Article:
Tags: DOC
May 11, 2021 12:00 AM
By: DOC Staff

PA Coat of Arms

By Tracy Smith, Chief for the Division of Treatment Services

The primary goals of the DOC's Substance Use Disorder (SUD) treatment programs are to reduce incidents of relapse, decrease the likelihood of recidivism linked to substance use, promote pro-social behavior, enable individuals to exhibit conduct that follows DOC rules and procedures and assist reentrants with successful reintegration back into our communities.

The most intensive SUD program is the Therapeutic Community (TC). The DOC determines substance dependence by administering the Texas Christian University Drug Screen-II (TCUDS-II, or "TCU") at time of an incarcerated individual's classification.

In June 2019, the DOC's Division of Treatment Services (DTS) made a change to its SUD policy regarding an inmate's admission to the TC (or inpatient) level of care. Previously, an inmate who had a TCU score in the 6-9 range was recommended for TC placement; since the change, an individual must score in the 7-9 range to be recommended for the most intensive level of SUD programming in the DOC.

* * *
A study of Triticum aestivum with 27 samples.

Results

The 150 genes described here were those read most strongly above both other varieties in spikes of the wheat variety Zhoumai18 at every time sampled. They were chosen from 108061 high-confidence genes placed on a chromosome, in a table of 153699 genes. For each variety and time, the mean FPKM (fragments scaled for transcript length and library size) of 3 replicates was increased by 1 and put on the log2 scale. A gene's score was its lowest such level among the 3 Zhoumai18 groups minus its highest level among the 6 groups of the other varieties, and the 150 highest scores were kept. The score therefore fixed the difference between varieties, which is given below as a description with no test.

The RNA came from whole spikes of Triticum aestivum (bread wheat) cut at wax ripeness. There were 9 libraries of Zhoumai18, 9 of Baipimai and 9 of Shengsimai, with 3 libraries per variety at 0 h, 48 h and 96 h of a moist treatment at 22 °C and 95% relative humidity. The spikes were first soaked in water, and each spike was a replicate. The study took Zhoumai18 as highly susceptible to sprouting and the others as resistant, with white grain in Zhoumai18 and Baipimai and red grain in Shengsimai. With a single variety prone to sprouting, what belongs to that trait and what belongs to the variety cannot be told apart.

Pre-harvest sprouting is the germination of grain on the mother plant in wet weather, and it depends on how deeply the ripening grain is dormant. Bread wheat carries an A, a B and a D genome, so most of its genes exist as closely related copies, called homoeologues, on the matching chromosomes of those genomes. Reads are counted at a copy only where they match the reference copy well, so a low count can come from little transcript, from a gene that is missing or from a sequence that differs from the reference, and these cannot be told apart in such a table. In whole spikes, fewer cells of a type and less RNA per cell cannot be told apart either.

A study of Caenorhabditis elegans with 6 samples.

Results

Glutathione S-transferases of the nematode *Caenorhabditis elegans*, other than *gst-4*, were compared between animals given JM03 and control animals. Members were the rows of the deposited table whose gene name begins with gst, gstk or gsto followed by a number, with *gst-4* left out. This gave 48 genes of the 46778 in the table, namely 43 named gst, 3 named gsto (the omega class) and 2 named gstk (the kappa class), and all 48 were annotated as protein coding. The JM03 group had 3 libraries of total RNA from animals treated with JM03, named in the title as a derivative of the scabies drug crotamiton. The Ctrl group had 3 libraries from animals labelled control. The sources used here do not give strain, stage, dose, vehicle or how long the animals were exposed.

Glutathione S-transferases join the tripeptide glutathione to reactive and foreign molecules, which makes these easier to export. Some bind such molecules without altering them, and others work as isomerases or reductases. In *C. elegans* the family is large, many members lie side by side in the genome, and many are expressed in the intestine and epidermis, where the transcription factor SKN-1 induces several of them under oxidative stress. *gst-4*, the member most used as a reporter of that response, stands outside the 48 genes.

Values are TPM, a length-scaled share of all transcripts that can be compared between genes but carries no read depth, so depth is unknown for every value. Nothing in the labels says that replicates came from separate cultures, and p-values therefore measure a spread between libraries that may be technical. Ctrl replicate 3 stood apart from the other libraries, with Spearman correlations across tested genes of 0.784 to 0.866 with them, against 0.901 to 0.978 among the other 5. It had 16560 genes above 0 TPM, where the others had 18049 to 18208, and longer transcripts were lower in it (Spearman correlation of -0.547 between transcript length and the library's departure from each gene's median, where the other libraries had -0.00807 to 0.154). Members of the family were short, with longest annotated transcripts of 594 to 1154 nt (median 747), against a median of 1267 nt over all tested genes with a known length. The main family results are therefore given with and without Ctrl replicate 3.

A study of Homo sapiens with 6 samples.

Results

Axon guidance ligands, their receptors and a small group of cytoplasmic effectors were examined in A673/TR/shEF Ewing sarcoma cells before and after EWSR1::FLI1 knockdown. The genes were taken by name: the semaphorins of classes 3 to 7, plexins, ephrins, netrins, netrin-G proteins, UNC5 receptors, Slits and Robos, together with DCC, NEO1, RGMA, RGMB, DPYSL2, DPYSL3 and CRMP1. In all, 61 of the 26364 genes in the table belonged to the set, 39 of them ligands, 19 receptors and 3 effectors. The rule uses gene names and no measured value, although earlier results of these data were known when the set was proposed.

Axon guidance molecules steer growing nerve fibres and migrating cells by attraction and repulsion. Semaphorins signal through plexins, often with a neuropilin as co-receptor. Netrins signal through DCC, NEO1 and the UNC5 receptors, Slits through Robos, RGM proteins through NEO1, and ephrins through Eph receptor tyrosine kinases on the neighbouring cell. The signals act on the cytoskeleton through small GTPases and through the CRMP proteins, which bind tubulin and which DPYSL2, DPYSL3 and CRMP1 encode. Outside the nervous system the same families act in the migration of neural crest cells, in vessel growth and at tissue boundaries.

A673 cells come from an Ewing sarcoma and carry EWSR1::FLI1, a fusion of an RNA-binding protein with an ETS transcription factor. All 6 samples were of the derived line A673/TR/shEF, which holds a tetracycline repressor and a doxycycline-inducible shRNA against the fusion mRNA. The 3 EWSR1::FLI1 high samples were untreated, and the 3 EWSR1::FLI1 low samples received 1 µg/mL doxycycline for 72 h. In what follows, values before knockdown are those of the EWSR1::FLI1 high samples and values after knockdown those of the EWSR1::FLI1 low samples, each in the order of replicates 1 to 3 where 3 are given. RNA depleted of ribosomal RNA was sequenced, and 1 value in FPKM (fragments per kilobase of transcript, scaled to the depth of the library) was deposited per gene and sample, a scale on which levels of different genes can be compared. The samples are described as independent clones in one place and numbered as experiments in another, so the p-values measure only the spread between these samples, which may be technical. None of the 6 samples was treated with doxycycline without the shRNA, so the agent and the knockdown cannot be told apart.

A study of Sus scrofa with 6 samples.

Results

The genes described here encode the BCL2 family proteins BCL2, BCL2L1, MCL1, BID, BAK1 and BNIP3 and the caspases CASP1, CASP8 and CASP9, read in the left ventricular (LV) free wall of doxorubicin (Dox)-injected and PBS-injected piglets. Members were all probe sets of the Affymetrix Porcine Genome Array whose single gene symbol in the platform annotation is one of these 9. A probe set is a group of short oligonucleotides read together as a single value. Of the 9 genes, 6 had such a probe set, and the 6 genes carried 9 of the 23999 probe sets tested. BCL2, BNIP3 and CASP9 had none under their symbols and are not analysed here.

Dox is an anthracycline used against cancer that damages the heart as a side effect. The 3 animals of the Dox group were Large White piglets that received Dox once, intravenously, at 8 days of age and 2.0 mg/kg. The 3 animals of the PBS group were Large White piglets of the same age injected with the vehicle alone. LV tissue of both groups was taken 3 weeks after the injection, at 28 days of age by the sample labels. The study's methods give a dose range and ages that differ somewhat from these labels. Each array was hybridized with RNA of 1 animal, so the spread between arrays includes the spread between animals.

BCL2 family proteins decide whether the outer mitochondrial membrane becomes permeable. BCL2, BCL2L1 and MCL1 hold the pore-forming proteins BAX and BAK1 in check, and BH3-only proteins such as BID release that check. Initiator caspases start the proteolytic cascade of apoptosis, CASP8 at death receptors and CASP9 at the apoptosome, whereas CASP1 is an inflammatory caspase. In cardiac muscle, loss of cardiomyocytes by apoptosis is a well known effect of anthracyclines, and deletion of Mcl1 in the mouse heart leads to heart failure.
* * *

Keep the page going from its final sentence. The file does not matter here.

This change was precipitated by a DOC evaluation entitled Therapeutic Communities (TC) Evaluation (2018). It showed the many individuals who originally scored less than six on the TCU ended up completing a TC program instead of an in-prison Outpatient (OP) SUD program. (A TCU score ranging from 3-6 guides an Outpatient Program recommendation.) This variation occurred due to staff's ability to increase an inmates TCU score via a manual override process. The evaluation found that there were no significant differences in recidivism or relapse outcomes between TC and OP participants (i.e., for similar individuals, one program did not out-perform the other in terms of outcomes). By eliminating the override process and increasing the TCU threshold from six to seven for TC placement, there seemed to be the potential for significant cost savings without negatively affecting program participant outcomes. 

In order to determine if the Department did, in fact, achieve its intended cost savings as a result of the aforementioned policy and curriculum changes, a fiscal analysis was recently completed. The most recent fiscal reports have demonstrated a significant cost savings from 2018 to 2020 – approximately $1.4 million dollars.